When Jules Fulton and Bob Hogan formed a small roading
company in Otago in the 1930s, it was a brave move.
The pair, who both had young families to provide for, had
lost their jobs with an asphalt company at the height of the
They took the opportunity to form their own quarrying and
asphalt surfacing company, which has since grown to employ
more than 5000 staff, working on civil infrastructure
projects throughout New Zealand, Australia and the Pacific
Tonight, the achievements of Mr Fulton, who died in 1973, and
Mr Hogan, who died in 1992, will be recognised when they are
inducted into the New Zealand Business Hall of Fame during a
gala dinner in Auckland.
Established in 1994 by the Young Enterprise Trust, the Hall
of Fame recognised and celebrated individuals who had made a
significant contribution to the economic and social
development of New Zealand.
Bob Fulton, who is Fulton Hogan's chief operating officer New
Zealand contracts, said the company - and the two families -
were very proud of the acknowledgement.
While Mr Fulton, who is a grandson of Jules Fulton, had grown
up with the story of the company, those who joined it did
find it ''fairly remarkable'', he said.
Not only did Jules Fulton and Bob Hogan establish a business
during the Depression - ''it must have been hard for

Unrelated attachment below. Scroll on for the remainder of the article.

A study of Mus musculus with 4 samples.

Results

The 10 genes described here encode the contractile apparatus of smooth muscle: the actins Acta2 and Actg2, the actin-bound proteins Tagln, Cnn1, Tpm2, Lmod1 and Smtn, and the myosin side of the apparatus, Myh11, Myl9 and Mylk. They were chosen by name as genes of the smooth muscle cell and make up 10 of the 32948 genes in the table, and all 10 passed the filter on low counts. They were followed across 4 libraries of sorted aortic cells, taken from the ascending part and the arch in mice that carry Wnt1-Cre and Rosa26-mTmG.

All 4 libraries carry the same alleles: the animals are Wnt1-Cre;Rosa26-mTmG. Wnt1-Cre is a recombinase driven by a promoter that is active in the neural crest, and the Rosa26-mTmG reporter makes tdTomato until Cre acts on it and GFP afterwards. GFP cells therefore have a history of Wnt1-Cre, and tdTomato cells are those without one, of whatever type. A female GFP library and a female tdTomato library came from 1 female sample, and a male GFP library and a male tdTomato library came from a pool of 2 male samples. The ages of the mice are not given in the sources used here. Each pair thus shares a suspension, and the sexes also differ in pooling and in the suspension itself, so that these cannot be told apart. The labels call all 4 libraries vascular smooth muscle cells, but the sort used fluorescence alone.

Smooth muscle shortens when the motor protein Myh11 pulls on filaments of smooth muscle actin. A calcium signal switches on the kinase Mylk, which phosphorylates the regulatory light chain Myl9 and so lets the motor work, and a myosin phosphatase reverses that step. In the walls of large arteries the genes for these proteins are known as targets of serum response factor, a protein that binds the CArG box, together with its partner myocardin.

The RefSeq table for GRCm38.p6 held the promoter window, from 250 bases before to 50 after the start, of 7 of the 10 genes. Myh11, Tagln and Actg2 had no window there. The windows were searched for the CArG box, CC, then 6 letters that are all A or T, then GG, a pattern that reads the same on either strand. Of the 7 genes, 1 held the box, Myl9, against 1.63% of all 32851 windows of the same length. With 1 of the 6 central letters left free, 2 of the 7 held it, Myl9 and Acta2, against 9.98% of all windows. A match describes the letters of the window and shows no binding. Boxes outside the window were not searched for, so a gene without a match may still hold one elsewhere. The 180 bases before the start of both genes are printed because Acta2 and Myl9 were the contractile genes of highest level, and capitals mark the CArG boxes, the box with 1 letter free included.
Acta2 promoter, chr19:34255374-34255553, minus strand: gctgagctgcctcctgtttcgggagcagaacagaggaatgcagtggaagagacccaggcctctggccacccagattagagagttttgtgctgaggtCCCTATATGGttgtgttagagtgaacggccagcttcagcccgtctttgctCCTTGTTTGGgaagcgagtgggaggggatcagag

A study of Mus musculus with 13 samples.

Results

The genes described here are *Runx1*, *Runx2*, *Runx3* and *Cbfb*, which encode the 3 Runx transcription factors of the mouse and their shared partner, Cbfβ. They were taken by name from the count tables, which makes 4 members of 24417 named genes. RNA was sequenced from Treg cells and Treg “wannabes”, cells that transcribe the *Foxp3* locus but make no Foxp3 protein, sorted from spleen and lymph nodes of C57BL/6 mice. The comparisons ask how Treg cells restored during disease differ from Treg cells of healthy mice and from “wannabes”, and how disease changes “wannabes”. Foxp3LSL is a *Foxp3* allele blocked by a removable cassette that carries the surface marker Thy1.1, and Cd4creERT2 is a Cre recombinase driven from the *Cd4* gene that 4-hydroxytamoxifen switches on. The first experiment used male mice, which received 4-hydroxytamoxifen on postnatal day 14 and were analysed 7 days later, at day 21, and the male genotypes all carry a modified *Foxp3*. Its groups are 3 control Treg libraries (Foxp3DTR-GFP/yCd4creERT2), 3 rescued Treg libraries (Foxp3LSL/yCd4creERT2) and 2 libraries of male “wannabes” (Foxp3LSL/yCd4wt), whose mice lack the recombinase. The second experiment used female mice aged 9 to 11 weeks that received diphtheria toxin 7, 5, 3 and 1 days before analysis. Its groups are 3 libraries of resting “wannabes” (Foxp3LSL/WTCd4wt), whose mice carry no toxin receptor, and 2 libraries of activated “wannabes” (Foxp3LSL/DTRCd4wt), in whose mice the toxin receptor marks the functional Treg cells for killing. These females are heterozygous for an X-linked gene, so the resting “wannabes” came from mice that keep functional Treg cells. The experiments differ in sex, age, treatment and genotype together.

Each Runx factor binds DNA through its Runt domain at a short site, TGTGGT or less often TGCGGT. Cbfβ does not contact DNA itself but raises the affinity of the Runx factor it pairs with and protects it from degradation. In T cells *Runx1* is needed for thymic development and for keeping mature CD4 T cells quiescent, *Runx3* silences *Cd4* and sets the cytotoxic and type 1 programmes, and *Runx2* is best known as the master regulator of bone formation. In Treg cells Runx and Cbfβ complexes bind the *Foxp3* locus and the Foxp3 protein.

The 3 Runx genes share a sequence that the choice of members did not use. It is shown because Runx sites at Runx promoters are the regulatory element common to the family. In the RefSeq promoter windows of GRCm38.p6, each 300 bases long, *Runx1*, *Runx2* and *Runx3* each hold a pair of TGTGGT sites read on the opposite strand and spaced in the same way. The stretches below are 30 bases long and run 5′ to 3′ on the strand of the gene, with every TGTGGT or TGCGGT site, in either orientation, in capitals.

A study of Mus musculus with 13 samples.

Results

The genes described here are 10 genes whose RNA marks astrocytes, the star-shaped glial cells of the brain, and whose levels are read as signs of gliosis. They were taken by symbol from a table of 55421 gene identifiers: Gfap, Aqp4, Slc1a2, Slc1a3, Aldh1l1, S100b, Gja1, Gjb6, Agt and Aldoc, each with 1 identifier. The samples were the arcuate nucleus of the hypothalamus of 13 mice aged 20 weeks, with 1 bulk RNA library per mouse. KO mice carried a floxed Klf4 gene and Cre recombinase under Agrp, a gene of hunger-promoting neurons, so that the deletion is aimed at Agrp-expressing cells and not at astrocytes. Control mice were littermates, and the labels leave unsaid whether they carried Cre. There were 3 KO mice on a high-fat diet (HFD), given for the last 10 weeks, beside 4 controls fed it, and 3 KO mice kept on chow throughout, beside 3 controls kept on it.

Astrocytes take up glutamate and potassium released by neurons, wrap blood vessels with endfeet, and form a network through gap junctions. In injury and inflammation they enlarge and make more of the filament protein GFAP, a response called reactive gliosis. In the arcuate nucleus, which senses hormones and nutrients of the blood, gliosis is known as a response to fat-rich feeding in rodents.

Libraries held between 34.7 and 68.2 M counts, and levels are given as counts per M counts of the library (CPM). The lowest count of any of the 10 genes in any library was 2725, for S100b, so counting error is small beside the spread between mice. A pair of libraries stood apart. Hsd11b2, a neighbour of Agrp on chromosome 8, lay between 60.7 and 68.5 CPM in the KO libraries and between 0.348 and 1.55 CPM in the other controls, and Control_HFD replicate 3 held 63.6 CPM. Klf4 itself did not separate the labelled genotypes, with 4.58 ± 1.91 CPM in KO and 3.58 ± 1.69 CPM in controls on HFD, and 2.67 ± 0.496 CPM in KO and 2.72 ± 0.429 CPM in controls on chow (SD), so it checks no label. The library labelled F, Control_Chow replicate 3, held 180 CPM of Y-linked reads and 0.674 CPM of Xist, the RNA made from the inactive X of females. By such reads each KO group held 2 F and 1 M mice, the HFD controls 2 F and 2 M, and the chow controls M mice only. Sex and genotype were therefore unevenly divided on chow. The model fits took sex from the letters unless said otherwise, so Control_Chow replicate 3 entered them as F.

everybody who lived in the Depression; we don't understand
just how hard a place New Zealand was to live'' - but that
was followed by the trials of operating a business through
World War 2.
While they would have had their setbacks, they worked their
way through some ''tough times'' and had ''good
stickability'', Bob Fulton said.
He believed another secret to their success was how they
complemented each other well with their respective skill
They also had a rule that they did not submit a bid unless
they had both agreed to it.
The strong family values, instilled by the pair, continued in
the company today, he said.
All the family were proud of what they started.
While others had ''taken on the baton'' since, the pair were
responsible for establishing it and they set a culture of the
style of business they wanted to see and a lot of that
culture existed today, Mr Fulton said.
While he suspected the two men would struggle with some of
the bureaucracy involved today, he believed they would ''have
a bit of a smile'' about the business, particularly given it
provided for 5500 families.
Seven family members were involved in the business and the
''odd one or two'' did some work during university holidays.
The company's head office, originally in Fairfield, near
Dunedin, was moved north to Christchurch in the early 2000s.
About 60 family members were expected to attend the Hall of
Fame function at the Langham and Mr Fulton said it would be
''a good catch-up, a bit like a family wedding''.
Jim Fulton, son of Jules Fulton, and Hanlin Johnstone,
grandson of Bob Hogan, would stand in for the company's two
New Zealanders were ''sometimes not great'' at celebrating
It was a good opportunity to celebrate not just Mr Fulton and
Mr Hogan but also the other successful business leaders being
inducted, Bob Fulton said.
''There's something nice about celebrating success rather
than moaning about the problems of the world,'' he said.
The other laureates for 2014 are. -Sir Graeme Avery
(publishing, food and wine, sport), the late Sir David Henry
(forestry and wood processing), the late James McAlpine
(refrigeration), Sir Ralph Norris, Don Rowlands and Lady
Adrienne Stewart, all for leadership and governance.